What The New Dividend Allowance, Personal Savings Allowance & New State Pension Mean For You

This has been a big week for anybody who is serious about saving for their future, with three important tax changes kicking in from Wednesday 6 April. They affect your investments, savings and state pensions, but will they help you as much as the Government would like you to believe?

Dividend allowance

The new dividend allowance has attracted the least attention of the three, but is likely to have the biggest impact on investors. This replaces the dividend tax credit and means that investors can now take the first £5,000 of income from dividends free of tax, even if held outside an ISA, and regardless of your tax bracket.

This comes on top of your personal allowance, which rose to £11,000 this week, and means that some could earn £16,000  a year free of tax (with Isa dividends on top of that). The downside is that dividends above this limit will be subject to higher tax rates. This will be charged at 7.5% for basic-rate taxpayers (previously they paid nothing), 32.5% for higher-rate taxpayers (up from 25%) and 38.1% for additional-rate taxpayers (against 30.55% before).

This will raise an estimated £6.8 billion for the Treasury and hit self-employed contract workers who have set up a limited company to take their earnings more tax efficiently. For investors, it underlines the benefits of buying stocks and shares using your ISA allowance, where dividend income is free of tax no matter how much you earn, as are capital gains, benefits that can also be inherited by a spouse or civil partner (but not your children).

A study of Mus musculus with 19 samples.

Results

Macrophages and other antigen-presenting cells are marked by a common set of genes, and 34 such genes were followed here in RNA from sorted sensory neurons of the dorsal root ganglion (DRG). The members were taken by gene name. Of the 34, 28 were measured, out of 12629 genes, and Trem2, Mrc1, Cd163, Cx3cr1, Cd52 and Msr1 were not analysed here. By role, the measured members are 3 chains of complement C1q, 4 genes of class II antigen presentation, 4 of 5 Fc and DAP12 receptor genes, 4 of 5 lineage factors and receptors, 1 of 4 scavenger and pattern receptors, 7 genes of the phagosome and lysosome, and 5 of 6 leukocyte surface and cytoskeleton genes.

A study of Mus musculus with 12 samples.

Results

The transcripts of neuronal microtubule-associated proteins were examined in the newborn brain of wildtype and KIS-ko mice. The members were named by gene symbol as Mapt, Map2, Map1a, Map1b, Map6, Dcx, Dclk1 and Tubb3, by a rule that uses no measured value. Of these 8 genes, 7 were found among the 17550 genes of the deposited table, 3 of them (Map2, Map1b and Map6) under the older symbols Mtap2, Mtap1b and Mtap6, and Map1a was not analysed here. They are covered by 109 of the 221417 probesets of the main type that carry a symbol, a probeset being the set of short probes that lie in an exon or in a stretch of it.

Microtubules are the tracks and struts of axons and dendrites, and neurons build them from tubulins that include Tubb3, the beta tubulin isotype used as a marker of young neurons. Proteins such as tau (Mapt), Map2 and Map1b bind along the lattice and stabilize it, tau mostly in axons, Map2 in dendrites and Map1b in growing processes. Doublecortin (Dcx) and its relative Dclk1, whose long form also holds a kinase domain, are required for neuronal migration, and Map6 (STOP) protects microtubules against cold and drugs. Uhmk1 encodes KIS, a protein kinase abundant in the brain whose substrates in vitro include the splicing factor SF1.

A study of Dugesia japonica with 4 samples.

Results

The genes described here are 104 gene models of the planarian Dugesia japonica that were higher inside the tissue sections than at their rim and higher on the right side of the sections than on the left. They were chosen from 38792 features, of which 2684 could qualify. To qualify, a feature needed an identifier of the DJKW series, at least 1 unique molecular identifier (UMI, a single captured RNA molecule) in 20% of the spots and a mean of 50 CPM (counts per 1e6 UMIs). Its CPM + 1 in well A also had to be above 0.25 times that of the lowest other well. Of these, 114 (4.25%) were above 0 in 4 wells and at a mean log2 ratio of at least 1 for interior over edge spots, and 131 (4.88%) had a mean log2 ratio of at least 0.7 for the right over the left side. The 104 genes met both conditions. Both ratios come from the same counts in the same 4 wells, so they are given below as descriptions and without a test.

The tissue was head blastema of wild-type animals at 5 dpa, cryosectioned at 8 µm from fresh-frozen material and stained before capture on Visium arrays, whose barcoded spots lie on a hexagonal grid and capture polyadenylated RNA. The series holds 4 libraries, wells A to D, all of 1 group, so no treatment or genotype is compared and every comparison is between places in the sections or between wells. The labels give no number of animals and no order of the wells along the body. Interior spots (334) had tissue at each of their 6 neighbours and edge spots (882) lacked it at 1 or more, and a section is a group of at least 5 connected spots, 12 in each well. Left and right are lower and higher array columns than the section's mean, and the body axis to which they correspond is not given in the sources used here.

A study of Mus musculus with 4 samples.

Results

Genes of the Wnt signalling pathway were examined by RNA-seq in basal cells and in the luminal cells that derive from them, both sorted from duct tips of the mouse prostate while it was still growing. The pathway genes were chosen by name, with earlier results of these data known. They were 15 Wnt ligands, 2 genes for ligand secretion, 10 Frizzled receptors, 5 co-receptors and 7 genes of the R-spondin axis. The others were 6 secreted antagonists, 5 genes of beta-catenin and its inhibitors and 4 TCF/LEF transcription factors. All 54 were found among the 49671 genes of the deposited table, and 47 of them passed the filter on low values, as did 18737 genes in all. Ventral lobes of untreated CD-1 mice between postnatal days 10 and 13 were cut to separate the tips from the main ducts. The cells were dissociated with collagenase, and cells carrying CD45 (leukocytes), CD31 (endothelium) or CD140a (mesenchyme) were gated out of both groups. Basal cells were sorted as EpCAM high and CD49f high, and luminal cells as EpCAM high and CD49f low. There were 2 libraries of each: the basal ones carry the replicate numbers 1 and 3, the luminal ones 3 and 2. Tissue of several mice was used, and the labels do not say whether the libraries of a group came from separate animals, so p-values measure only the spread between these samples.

Personal savings allowance

The new personal savings allowance allows basic-rate taxpayers to earn up to £1,000 interest a year without paying income tax. That falls to £500 for 40% taxpayers, but additional rate 45% taxpayers — those earning £150,000 a year or more — do not qualify. The allowance applies to bank and building society accounts, credit unions and National Savings & Investments, income from Government and corporate bonds, and most types of purchased life annuity.

Your cash ISA allowance is on top of this, but given today’s dismal rates and the fact that basic rate taxpayers can now hold £69,000 in the average savings account before paying tax, this strengthens the arguments in favour of using your stocks and shares ISA allowance instead.

New state pension

The new state pension sound better than the old scheme in theory but the practice is disappointing. The first problem is that the so-called flat rate of £155.65 a week isn’t a flat rate at all, you need to have made 35 years of qualifying National Insurance contributions to get the full rate — up from 30 years before. 

The self-employed, women and the low paid will be the big winners, as they should get more. The big losers will be younger workers who will no longer build up extra pension entitlement through the state second pension. Those in their 20s could lose on average £19,000 across their retirement, according to the Pensions Policy Institute.

Even if you get the maximum amount £155.65 a week is worth just over £8,000 a year. If you want a comfortable retirement you have to invest as much as you can afford on top of that, and the best way to build long-term wealth is through stocks and shares.